March 9, 2011

El País published a group of Wikileaks cables concerning Guatemala on 15 February. Five cables from the US Embassy in Guatemala have been filed under the theme of “Corruption in Guatemala.” The cables contain a wealth of interesting information, much of it of highly relevant to current events in Guatemala.

Guatemala's National Civil Police. Courtesy of the Ministerio de Gobernación, Guatemala

A good portion of the information in the cables comes from discussions between US Embassy staff and Carlos Castresana, the former head of the UN-supported International Commission Against Impunity in Guatemala (CICIG, Comisión Internacional Contra la Impunidad en Guatemala). In 08GUATEMALA355, dated 19 March 2008, former Ambassador Derham reports that Castresana described himself as unprepared for both the level of corruption he was confronted with in Guatemalan law enforcement institutions, as well as the extent to which these institutions have been infiltrated by organized crime. Castresana suggested that, at the time, neither Attorney General Florido nor Minister of Government Gómez were in control of their departments. He was also critical of the National Civil Police (PNC, Policía Nacional Civil), whose methods he described as being of questionable legality. As evidence of this, he cited information gathered during the CICIG’s investigation into the murder of bus drivers, which has become increasing frequent in recent years. (Guatemalan newspapers report that 84 bus drivers were killed in 2010, along with 33 ayudantes, who collect fares, and 48 passengers. From 1 January to 22 February 2011, 19 drivers were killed and 13 passengers.) Information collected during the investigation led Castresana to identify the prime factor perpetuating the killings as turf wars between rival gangs over protection money and which gang can collect it on which routes.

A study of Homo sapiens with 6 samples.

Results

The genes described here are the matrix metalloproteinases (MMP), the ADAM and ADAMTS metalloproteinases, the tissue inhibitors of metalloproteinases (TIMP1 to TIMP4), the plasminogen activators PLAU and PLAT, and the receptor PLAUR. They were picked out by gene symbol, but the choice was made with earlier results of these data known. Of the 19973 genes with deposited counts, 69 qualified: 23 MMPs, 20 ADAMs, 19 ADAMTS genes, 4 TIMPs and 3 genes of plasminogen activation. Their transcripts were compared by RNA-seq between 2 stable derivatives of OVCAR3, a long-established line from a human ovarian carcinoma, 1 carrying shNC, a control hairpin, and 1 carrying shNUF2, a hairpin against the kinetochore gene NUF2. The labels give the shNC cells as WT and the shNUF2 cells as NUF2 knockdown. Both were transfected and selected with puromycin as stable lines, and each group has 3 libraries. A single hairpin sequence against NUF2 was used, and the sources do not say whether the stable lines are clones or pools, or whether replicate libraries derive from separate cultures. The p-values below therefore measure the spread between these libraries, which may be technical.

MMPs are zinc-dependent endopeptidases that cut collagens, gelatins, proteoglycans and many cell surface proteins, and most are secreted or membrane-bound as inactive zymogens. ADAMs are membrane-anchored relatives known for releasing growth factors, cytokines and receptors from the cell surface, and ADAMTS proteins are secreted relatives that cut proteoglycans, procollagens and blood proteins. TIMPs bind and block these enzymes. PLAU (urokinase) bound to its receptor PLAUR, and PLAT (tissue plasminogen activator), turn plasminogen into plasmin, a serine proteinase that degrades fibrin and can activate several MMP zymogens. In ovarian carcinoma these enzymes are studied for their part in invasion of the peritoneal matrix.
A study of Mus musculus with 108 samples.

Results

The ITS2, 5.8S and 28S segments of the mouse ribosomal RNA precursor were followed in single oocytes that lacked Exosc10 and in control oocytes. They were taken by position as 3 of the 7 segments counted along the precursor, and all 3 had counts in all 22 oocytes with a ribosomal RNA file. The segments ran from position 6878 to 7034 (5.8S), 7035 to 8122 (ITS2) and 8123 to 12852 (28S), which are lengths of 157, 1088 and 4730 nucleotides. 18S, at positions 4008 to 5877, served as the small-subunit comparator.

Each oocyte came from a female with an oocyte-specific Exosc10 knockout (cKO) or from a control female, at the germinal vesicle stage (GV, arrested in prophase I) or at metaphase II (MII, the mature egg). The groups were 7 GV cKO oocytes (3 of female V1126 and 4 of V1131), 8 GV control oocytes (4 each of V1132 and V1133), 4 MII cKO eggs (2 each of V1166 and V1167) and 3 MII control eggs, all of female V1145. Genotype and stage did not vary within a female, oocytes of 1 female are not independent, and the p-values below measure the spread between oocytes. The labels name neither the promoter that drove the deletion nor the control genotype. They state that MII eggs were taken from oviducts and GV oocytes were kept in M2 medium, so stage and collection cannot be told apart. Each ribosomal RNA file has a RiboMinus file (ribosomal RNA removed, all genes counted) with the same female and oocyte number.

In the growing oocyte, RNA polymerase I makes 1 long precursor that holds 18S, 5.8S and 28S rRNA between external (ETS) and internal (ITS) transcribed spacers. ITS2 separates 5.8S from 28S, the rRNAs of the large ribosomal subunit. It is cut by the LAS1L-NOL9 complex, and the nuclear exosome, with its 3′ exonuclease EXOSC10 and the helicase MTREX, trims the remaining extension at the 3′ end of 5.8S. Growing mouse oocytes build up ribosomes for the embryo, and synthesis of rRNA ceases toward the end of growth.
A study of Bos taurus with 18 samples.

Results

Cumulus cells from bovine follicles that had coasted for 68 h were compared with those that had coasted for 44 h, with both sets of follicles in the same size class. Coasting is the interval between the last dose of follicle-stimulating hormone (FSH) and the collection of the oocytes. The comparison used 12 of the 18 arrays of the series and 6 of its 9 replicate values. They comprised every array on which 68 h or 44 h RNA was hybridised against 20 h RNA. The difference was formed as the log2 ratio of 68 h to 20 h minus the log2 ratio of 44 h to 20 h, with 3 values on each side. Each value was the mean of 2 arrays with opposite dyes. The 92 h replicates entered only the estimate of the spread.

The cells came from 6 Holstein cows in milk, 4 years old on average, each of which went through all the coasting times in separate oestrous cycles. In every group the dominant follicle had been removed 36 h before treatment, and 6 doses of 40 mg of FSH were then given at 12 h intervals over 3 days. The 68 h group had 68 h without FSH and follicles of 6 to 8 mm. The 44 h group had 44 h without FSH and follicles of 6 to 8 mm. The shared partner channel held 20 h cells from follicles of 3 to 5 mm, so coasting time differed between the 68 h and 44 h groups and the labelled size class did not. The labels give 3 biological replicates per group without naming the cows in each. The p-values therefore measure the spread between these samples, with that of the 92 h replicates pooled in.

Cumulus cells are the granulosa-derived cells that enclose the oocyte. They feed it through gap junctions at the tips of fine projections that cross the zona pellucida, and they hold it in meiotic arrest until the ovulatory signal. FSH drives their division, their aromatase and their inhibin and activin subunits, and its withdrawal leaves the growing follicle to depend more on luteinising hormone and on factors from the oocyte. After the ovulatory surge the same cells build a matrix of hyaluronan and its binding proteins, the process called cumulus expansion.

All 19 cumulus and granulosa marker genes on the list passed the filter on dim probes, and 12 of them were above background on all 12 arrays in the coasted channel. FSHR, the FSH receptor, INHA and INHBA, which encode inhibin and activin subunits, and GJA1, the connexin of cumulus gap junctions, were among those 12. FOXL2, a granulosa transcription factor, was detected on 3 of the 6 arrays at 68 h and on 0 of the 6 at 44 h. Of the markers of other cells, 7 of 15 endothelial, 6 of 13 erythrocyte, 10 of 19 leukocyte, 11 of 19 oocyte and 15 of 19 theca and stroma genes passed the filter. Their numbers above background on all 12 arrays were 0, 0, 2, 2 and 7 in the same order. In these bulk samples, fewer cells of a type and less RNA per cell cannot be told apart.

CICIG’s inquiry into the murder of a specific bus driver revealed that the PNC, though they conducted a generally good investigation, lied about the age of a witness. The witness, who was also a gang member, was 17, making his testimony inadmissible in court. The PNC, therefore, said he was 18 so that he could testify. However, the local PNC neglected to provide him with adequate protection as a witness, giving him $130 dollars and instructions to find a hotel for the weekend. The witness never reappeared. Incidents such as this prompted Castresana to insist on the need to develop cooperative agreements with other countries so important witnesses in cases in Guatemala can be sent to witness protection program outside the country.

Castresana continued on the theme of corruption in law enforcement in his discussion of an incident involving transit police officers. The officers allegedly kidnapped and tortured a young couple and their children, stealing their belongings and raping the woman before releasing the family. Castresana reports that since the man was a nephew of the former Minister of Defense, General Julio Balconi, he felt well-enough connected to file a complaint against the officers. In retaliation, some months later the officers kidnapped and murdered the woman and a friend. On hearing of this (in February 2011), Balconi denied that any relation of his had had any problems with the police. Given cases such as these, Castresana told Derham, in 08GUATEMALA621, dated 16 May 2008, that Guatemalan law enforcement agencies would need to be completely overhauled and rebuilt.

In these cables, Castresana depicts Guatemala’s state institutions, and especially the police, as corrupt and unable to protect the citizens of Guatemala from the high levels of violence that characterize daily life.